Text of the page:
MChe Lee

A report by the Citizens Research Council of Michigan finds the state's likely to lose 100,000 school-age youths in the next few decades.

According to the group's projections, Michigan’s school-age population will shrink from 1.58 million to 1.48 million between 2020 and 2050. The research council said this will likely continue a decades-long decline in public school enrollment in the state.

The population contraction, along with the impending expiration of federal educational COVID-relief funds, will create budget crunches for public school, the council said, and school districts will begin to struggle with unused school locations and shrinking resources.

Craig Thiel, the Citizens Research Council’s research director, said districts will be left with tough choices. “As school buildings become less populated, they become more expensive to operate, and school officials have to figure out how to live within the resources they have,” he said. “We fund schools more or less based on the number of students who attend those schools.”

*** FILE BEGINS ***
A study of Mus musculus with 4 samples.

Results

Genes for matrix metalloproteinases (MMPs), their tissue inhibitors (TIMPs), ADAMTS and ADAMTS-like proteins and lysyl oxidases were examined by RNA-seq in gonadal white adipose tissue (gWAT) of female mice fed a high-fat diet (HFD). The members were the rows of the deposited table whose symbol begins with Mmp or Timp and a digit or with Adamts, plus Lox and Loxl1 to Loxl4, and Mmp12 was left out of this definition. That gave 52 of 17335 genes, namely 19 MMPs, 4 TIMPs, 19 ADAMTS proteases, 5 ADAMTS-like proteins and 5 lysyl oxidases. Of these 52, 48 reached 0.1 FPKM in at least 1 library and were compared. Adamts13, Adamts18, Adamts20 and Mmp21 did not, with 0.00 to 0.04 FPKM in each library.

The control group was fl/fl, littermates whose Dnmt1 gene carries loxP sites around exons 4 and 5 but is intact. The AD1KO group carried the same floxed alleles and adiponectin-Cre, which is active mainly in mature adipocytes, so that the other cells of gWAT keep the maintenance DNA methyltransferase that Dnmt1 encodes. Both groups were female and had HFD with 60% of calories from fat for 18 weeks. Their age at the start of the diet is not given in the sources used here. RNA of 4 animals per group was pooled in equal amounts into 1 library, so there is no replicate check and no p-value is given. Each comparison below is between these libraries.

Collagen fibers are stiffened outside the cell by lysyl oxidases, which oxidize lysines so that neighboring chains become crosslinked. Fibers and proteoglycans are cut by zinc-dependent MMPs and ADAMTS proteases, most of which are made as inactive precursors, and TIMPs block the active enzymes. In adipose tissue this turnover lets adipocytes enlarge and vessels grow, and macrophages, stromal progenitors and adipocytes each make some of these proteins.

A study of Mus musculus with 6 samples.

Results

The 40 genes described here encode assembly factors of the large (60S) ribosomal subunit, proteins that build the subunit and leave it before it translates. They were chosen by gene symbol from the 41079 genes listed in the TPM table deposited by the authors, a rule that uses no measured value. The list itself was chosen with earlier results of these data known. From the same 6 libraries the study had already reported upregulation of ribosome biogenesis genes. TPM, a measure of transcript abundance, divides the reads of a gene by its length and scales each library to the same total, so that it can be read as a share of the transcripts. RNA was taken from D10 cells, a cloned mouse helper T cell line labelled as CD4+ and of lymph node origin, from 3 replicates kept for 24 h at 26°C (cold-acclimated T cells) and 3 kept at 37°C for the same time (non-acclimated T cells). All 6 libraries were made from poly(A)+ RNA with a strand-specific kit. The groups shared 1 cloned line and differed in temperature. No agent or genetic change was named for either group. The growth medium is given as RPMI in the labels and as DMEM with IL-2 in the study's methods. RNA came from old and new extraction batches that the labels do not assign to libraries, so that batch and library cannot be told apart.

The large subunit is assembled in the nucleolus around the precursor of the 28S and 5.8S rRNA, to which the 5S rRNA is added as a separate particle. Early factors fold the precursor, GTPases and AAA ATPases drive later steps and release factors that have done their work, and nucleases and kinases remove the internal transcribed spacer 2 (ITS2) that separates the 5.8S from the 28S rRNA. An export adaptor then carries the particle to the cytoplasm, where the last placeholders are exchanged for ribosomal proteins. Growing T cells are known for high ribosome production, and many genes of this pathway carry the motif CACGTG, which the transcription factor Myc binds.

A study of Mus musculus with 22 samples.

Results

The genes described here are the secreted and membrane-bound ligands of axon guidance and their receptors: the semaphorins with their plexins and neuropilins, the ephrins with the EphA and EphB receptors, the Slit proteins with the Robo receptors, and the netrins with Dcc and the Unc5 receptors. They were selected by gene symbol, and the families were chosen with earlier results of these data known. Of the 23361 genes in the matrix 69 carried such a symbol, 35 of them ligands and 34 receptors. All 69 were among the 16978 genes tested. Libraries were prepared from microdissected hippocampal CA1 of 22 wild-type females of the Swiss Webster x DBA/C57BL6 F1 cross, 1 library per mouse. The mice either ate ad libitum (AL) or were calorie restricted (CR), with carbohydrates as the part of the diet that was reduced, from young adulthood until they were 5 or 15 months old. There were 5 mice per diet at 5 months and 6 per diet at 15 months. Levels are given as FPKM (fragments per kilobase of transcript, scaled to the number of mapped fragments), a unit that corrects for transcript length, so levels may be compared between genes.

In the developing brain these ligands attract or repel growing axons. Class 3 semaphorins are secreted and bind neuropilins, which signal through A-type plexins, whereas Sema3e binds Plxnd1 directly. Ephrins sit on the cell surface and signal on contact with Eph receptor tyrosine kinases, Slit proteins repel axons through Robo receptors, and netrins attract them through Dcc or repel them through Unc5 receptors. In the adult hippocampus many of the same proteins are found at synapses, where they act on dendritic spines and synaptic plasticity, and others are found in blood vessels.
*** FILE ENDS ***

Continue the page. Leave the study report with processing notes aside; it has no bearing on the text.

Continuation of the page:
Thiel suggested districts may be forced to make cuts to programs and locations as enrollment and resources recede. “The carrying costs of operating those underutilized buildings is going to get too much, and they're going to be faced with consolidating schools, consolidating grades, closing school buildings to just live within the resources that are available.”

The council suggested districts and communities start planning now to address the issue.

“The real challenge is going to be trying to right-size the district, not just for the moment but into the future,” Thiel said. “These decisions don't turn on a dime, they take some time to implement and having those conversations today about what the future looks like is important.”